Dealing With Working Mom Guilt When A Child Gets Sick

No matter how good of a planner you are, you'll never be able to escape the extra stress a sick child brings into the mix. The mom guilt is tough, but by having a plan and communicating it to work, spouses, and family, you'll know that you are doing what is best for you and your family.

My family has been battling germs for a few weeks now and we just can’t kick it. As soon as one person gets better, another gets sick. Last week, my youngest was sent home from daycare on Thursday afternoon, and the first thoughts that flooded my brain were all about mom guilt and blaming myself.

  1. I knew she seemed a bit off this morning, I should have known not to send her in, but it didn’t seem that bad. Why didn’t I see it sooner? — Denial
  2. I should have worked harder throughout the week to meet work deadlines early in anticipation of a child getting sick. Why didn’t I think ahead? — Blame
  3. If I can make nap time happen during these certain times, I can still attend these meetings. How can I make this work? — Bargaining
No matter how good of a planner you are, you'll never be able to escape the extra stress a sick child brings into the mix. The mom guilt is tough, but by having a plan and communicating it to work, spouses, and family, you'll know that you are doing what is best for you and your family.

The working mom guilt is real, and it’s tough. As a parent when something happens, even if it’s totally out of our control, we are so hard on ourselves for not being able to anticipate it. We can’t prepare for everything, and it’s absolutely ridiculous to even think of that as an expectation, but we still do it.

#2 above is the kicker for me and the one I always get stuck on as someone who works in an office setting. How could I possibly have worked harder to meet deadlines early “just in case” I needed the extra time? If I had extra time, I would’ve filled it with more deadlines! You want to care for your child, but you feel pressure to keep up at work. It may not even be pressure from work, it may be internal pressure to be both the perfect employee and the perfect parent.

During the pandemic when we were both working from home, my husband and I started listing our meetings on a whiteboard so we knew when the other couldn’t be interrupted. We’ve continued a generic version of this so that we know who has flexibility if childcare gets interrupted. It’s our loose sick day plan from week to week. It’s not perfect, and doesn’t solve all our problems, but even just thinking a little bit ahead and talking through a few “what if’s” will ease some of the tension when an issue actually arises. It’s also worth noting that talking through scenarios with others helps verbalize who needs to be involved, who is making adjustments, and how it’s all going to happen. It should never be assumed that one person is always on sick duty because they have a more flexible job or boss. That still abuses the employee-work-relationship.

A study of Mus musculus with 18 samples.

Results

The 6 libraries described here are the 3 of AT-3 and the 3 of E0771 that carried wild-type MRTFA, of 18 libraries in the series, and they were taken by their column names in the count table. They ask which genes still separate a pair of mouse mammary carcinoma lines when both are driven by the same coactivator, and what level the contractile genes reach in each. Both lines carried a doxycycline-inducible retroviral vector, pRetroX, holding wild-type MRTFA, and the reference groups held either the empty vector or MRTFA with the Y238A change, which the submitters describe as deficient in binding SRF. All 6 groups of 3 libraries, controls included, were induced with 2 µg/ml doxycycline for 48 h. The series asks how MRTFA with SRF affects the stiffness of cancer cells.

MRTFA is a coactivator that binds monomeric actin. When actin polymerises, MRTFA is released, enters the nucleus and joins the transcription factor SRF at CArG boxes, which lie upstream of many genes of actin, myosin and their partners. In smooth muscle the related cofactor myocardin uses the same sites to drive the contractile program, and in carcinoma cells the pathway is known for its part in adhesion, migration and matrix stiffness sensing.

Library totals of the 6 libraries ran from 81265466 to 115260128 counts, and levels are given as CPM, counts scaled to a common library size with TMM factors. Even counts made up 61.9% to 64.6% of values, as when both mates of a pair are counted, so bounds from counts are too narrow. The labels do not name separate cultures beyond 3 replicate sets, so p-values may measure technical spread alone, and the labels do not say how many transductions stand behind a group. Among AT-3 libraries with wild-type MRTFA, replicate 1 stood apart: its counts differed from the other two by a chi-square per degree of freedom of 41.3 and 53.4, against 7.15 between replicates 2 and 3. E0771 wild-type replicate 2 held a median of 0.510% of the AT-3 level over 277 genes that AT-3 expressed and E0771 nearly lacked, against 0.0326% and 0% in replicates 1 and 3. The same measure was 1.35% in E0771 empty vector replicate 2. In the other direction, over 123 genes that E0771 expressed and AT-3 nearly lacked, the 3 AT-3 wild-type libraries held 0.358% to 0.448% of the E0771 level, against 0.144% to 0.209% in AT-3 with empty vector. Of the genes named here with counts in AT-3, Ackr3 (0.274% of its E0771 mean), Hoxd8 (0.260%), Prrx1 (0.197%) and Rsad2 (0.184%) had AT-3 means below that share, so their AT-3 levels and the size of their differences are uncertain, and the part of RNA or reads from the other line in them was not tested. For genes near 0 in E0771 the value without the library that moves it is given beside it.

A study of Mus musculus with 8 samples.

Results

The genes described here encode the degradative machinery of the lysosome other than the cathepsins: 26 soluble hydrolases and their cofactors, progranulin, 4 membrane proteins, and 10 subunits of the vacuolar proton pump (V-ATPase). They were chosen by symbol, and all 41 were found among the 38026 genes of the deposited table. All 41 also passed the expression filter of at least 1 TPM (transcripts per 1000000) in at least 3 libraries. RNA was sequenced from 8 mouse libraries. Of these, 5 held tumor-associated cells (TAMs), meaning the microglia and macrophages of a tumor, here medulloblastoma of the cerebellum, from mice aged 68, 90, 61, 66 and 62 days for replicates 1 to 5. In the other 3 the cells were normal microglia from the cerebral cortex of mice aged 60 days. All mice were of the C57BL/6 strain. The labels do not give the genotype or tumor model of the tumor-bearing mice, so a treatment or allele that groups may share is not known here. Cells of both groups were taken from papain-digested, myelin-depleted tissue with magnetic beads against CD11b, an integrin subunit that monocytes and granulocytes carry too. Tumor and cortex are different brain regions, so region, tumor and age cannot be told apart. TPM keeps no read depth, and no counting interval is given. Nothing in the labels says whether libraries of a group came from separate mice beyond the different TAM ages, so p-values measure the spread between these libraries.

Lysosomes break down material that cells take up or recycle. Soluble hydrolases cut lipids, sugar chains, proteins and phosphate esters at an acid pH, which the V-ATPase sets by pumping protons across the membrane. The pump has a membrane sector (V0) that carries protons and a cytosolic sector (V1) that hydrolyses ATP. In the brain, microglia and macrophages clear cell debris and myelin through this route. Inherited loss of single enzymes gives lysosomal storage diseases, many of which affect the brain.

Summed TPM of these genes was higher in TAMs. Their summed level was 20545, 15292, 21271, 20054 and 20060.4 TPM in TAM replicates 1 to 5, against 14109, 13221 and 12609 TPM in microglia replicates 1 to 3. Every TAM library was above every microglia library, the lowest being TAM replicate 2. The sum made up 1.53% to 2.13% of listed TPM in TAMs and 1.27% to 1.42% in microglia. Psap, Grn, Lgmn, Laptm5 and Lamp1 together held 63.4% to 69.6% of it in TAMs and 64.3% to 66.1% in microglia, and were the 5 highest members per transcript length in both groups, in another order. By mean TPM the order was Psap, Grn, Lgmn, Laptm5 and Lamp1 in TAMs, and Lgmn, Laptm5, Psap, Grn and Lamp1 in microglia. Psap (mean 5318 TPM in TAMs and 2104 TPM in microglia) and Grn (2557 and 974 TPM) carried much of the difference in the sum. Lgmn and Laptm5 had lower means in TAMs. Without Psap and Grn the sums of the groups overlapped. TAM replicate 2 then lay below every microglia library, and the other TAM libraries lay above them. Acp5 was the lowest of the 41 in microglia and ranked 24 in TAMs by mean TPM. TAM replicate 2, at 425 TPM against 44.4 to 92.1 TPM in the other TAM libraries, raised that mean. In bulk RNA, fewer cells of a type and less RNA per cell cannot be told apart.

Another tip is that you need to decide how you’re going to work it out with your job ahead of time. Your boss needs to know, and trust, how you are going to deal with interrupted childcare. Know the regulations set for you as an employee and where you have flexibility to negotiate. Will you agree to be available to work remotely, or are you totally signing off for the day? Set expectations. Set boundaries. Share them and stick to them.

No matter how good of a planner you are, you’ll never be able to escape the extra stress a sick child brings into the mix, especially if you’re thrown off-guard by a daycare phone call in the middle of a meeting where you have to pick them up within 30 mins (Eek!). But by having even just a simple plan and communicating it to work, spouses, secondary childcare options, etc., you’ll know that you did your best and now you can attend to your child’s needs and focus on getting them healthy. That’s what is most important.

Good luck, mama. You are so strong. You got this.